The Queer Resource Center (QRC) held its annual discussion about bisexuality in today’s society on Sept. 24 to celebrate Bisexual Visibility Day.
A group that included QRC staff members, mentors in the Queer, Questioning, and Allied Mentor Program (QQAMP), and other 7C students gathered to talk about stereotypes associated with bisexuality and its misrepresentation in society, often referring to their personal experiences.
“Monday was International Bi-Visibility day, and it’s basically a day to acknowledge bisexual people and community,” QRC Program Coordinator Ebony Williams said. “There’s a lot of invisibility that is experienced by the bi/monosexual community. [Our discussion] is a space where we hope the community feels it’s safe [to] talk about their experiences and be in a community that gets where they’re coming from.”
Williams led a discussion in which students shared their experiences of feeling both invisible and visible and ways to deal with the feelings of invisibility as a bi- or monosexual person at the 7Cs.
“I came to the discussion today because it’s relevant to my life and my identity,” QQAMP mentor Cat Eskilson PZ ’14 said. “[We need] to make sure there is open dialogue and that the topic isn’t one to be shied away from.”
Although it was a small group, Williams said she believed that the discussion was successful.
“Success is not so much based on the number of people who come to an event,” Williams said. “If one person comes and if they actually can speak openly and/or feel who they are is validated and visible, then that’s successful. And I think it was a success.”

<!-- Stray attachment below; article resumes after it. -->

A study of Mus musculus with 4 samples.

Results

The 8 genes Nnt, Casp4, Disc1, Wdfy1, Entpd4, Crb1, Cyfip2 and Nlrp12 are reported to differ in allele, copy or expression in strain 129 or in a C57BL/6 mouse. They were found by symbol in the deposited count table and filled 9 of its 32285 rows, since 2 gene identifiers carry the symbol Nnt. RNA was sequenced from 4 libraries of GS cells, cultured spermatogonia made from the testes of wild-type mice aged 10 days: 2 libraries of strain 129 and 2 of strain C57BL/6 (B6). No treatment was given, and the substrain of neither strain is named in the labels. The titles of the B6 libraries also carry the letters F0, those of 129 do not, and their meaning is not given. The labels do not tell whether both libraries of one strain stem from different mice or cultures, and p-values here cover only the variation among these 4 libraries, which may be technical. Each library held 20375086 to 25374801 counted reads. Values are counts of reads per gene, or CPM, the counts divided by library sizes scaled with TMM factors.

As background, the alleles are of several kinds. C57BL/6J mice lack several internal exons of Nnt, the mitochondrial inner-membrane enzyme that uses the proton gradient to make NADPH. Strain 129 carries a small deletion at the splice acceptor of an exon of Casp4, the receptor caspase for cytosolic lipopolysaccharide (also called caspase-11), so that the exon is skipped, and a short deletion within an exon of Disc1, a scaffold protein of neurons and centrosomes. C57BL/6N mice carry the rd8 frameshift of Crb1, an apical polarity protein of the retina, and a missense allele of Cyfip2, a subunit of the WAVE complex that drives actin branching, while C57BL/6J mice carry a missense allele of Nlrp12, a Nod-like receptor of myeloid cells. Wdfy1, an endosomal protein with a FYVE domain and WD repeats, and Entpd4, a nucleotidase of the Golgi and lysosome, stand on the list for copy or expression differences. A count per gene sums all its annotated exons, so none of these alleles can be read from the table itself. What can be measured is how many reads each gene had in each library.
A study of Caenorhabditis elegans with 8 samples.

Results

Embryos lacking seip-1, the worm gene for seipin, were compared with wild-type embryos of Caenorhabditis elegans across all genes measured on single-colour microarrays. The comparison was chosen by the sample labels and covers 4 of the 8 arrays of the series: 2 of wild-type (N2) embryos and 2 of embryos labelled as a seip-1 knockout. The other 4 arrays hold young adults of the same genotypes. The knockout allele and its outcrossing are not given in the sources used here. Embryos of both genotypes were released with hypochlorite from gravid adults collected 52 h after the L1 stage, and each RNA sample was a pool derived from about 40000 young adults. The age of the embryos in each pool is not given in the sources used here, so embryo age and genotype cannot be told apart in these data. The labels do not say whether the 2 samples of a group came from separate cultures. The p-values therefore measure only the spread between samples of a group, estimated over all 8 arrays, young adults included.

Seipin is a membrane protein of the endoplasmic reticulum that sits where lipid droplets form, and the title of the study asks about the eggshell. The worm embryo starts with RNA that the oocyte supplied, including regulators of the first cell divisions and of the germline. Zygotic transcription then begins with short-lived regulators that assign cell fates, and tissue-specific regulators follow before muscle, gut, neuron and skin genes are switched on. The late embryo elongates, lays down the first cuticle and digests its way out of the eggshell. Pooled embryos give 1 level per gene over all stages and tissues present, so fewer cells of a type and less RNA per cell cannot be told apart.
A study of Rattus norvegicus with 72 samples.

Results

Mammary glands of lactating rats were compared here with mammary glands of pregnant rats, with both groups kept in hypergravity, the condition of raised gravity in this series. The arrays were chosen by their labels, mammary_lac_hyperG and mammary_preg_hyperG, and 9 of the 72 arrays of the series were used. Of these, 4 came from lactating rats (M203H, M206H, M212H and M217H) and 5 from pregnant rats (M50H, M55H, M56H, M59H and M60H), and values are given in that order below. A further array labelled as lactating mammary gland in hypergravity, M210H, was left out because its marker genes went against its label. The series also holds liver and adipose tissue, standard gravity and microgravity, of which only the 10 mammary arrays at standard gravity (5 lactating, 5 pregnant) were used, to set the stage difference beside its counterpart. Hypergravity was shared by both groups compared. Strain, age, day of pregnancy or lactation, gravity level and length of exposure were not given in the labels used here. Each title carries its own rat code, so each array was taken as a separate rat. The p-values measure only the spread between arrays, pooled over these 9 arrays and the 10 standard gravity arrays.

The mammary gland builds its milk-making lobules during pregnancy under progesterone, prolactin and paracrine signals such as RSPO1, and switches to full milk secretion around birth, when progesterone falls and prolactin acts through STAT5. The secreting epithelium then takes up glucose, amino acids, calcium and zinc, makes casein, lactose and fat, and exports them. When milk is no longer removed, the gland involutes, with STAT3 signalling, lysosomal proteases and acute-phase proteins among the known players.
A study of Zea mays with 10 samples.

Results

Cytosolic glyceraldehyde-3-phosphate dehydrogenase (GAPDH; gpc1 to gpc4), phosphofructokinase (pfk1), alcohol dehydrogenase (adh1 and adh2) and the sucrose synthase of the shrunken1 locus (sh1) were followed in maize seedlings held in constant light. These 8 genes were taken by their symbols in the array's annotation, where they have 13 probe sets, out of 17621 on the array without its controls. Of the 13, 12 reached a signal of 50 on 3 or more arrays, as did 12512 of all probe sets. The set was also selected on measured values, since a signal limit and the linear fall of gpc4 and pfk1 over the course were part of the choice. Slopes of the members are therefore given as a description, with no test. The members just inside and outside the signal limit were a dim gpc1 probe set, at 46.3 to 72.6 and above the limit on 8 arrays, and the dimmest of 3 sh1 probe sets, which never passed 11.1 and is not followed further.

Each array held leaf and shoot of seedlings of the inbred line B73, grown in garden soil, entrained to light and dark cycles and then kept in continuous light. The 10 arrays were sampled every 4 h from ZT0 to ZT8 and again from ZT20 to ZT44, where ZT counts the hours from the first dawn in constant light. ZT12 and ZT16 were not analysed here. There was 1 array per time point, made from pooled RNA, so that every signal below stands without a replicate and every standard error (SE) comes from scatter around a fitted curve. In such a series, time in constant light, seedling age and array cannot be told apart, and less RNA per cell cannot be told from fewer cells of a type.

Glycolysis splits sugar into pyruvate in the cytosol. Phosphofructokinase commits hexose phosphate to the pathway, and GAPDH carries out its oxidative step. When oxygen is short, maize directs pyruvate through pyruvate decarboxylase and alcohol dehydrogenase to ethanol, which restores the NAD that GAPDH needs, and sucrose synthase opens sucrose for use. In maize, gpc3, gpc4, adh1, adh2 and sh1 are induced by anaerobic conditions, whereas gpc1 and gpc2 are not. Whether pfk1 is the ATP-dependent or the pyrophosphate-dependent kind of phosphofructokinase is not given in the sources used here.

QRC staff members have many projects planned for the academic year. They are working with Pomona College’s Draper Center for Community Partnerships to create a program for local high schools that would give students the opportunity to learn to affirm their identity and develop leadership skills, Williams said. The QRC has also planned several Ally training sessions, as well as programs to educate students about intersectionality.
“The QRC’s goal and guide this year is social justice work through an intersectional queer lens in efforts to build community,” Williams said.
“Intersectionality looks at the ways in which race, class, gender, sexuality, ability, religion, class, to name a few, exist together to create a lived experience,” Williams later wrote in an e-mail to TSL. “It is rooted in the belief that one identity cannot live alone but lives in concert with the others.”
The QRC plans to hold joint film screenings with other resource centers as part of its approach to the topic of intersectionality, said Denys Reyes CM ’16, a head QQAMP mentor.
Other events include talks from guest speakers and workshops, as well as the annual Middle School Dance. Williams encouraged all 7C students to attend QRC programs.
“The big part is that this is a place for everybody,” Williams said. “We want to create a space for people where they can speak openly and where their experiences are validated and welcome. There’s a place for everyone here, so stop by.”